Celebrate the Foodie Trail in Tucson

By Mira Temkin
Photos courtesy of Visit Tucson

Statuesque Saguaro cacti dot the landscape as far as the eye can see. Lovely desert terrain and golden sunsets beckon against the dramatic backdrop of the Santa Catalina Mountains. Home to the University of Arizona, world-class golf courses, outdoor adventure and a hub of culture that the Wall Street Journal refers to as a “mini-mecca for the arts,” there are plenty of reasons to visit this oasis in the desert. But if your palate is hungry for a succulent taste of the Old Southwest, free-spirited Tucson will be more than happy to satisfy your cravings.

Best of the Barrio Foodie Tour
Get your fill of Tucson’s most delicious offerings on a culinary adventure considered the “Best 23 Miles of Mexican Food” north of the border, sponsored by Gray Lines Tours. This Sonoran Cuisine Tour highlights five different “dines in the desert” from family-owned businesses, which combine history, delicious cuisine and lots of fun. You’ll watch as bakers make traditional Mexican goodies at La Estrella Bakery and get to taste these luscious treats. The owner explained how, in Mexico, bakeries served as the community center because women had to visit the bakeries every day to buy fresh bread.

Then it’s on to El Merendero for a sampling of cheese crisp, fish tacos and other outstanding Mexican fare. Now’s your chance to discover what an authentic Sonoran Hot Dog is all about. At El Güero Canelo, they slit the bun open, wrap the hot dog in bacon and top it with pinto beans, chopped tomatoes, grilled onions, mayonnaise, mustard and jalapeño salsa. This robust combination of Mexican and American cuisine is a firecracker of flavors. Then it’s time for a bit of refreshment at Oasis Raspados, voted the best raspados by Tucson Weekly.

The Mexican answer to the snow cone blends ice cream and fresh fruit flavors into a cool, sweet delight. The tour ends at Carlotta’s Kitchen, the commissary for El Charro Cafe, (also known for their prickly pear margaritas), where you’ll watch Mexican specialties being made and then presto…it’s your turn to take your hand at making tamales. grayline.com/tours/tucson/best-of-the-barrio-5887_1/

Upscale Dining Extraordinaire at Café Poca Cosa

For more than 20 years, owner/chef Suzana Davila has been tempting guests with incredible Mexican cuisine in downtown Tucson and a warm, friendly hug, to boot. This dining experience is, well, something to behold.The menu arrives at your table on a chalkboard and changes twice daily, based on Davila’s whim and what’s in season. Every dish is just bursting with color as well as flavor and the artistic presentation will simply wow you. The chicken with mole sauce and mesquite asada in pepper sauce, were spectacular. Go with the Chef’s Plate, a three dish sampler, and let Davila surprise you. Each one is different. The red Sangria…well, you can just taste the freshness. Don’t try this dessert alone folks, but their decadent Molten Lava Chocolate Cake with ancho chile, is both huge and heavenly. Reservations are a must at Tucson’s most celebrated Mexican restaurant. Open Tuesday – Saturday.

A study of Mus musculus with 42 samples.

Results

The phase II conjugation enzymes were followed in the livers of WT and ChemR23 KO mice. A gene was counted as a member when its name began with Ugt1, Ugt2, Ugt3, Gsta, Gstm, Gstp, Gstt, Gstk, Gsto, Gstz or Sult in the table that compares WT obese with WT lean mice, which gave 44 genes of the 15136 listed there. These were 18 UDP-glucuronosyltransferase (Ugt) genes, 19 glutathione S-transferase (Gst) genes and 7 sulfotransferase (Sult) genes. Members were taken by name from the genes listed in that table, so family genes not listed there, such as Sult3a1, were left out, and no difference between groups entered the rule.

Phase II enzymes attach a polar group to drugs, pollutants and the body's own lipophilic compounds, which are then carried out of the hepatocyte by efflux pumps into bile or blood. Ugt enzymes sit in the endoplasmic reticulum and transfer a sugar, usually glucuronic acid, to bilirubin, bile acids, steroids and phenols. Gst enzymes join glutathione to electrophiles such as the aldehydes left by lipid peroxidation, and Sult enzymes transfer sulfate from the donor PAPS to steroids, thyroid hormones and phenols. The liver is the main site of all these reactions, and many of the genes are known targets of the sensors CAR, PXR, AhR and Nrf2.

520-622-6400 | cafepocacosatucson.com

Say Pizzaaaaa at Pizzeria Bianco
Located in historic downtown Tucson, Pizzeria Bianco prepares its award-winning artisanal pizza in a wood-burning oven. My Pizza Margherita had a thin, crispy crust, generously topped off with fresh, natural ingredients. Chris Bianco is the only pizza maker to win a James Beard Award and his attention to detail is evident in this popular eatery.

Arizona-Sonora Desert Museum
An Outdoor Living Museum

A perfect way to walk off some of Tucson’s fine cuisine is to spend time at this museum and gain a real appreciation for the Sonoran Desert. Here you’ll find 98 acres of zoo, an aquarium, a botanical garden and an art gallery, all in one. Walk through more than two miles of pathways and observe more than 200 animal species displayed in their natural habitat, surrounded by 1,200 types of plants. Don’t miss the hummingbird aviary.

Mission San Xavier del Bac
As you drive up the road, the Mission welcomes visitors like a vision in the distance. Considered the best example of Spanish Colonial architecture in the U.S., this well-preserved and still active Catholic mission was built in 1783, about 10 miles south of downtown Tucson. This National Historic Landmark features dazzling frescos, statues and carvings. The impressive two-story interior is masterfully decorated, portraying both Spanish and Native American art.sanxaviermission.org

Lodge on the Desert
An Arizona Landmark, Filled with Local Traditions

Since 1936, Lodge on the Desert has offered an urban oasis in the middle of Tucson, standing tall and proud as an Old Pueblo historic masterpiece. This 100-room boutique hotel features charming hacienda-style accommodations with meandering pathways and blooming flowers, which let you feel the essence of the real Southwest. The Lodge Restaurant, a member of the Tucson 50+ Originals, is a popular eatery among the locals as well as guests. The menu blends contemporary cuisine with traditional flavors from America’s melting pot. Their Sonoran Burrito, stuffed with fresh ingredients, gives a real kick to start the day. The star of the show is their daily baked fresh breads; simply awesome.
520-320-2000 | www.lodgeonthedesert.com

Along with the lovely aromas in the desert air, there’s also a true sense of joy in this blissful paradise. Come embrace it.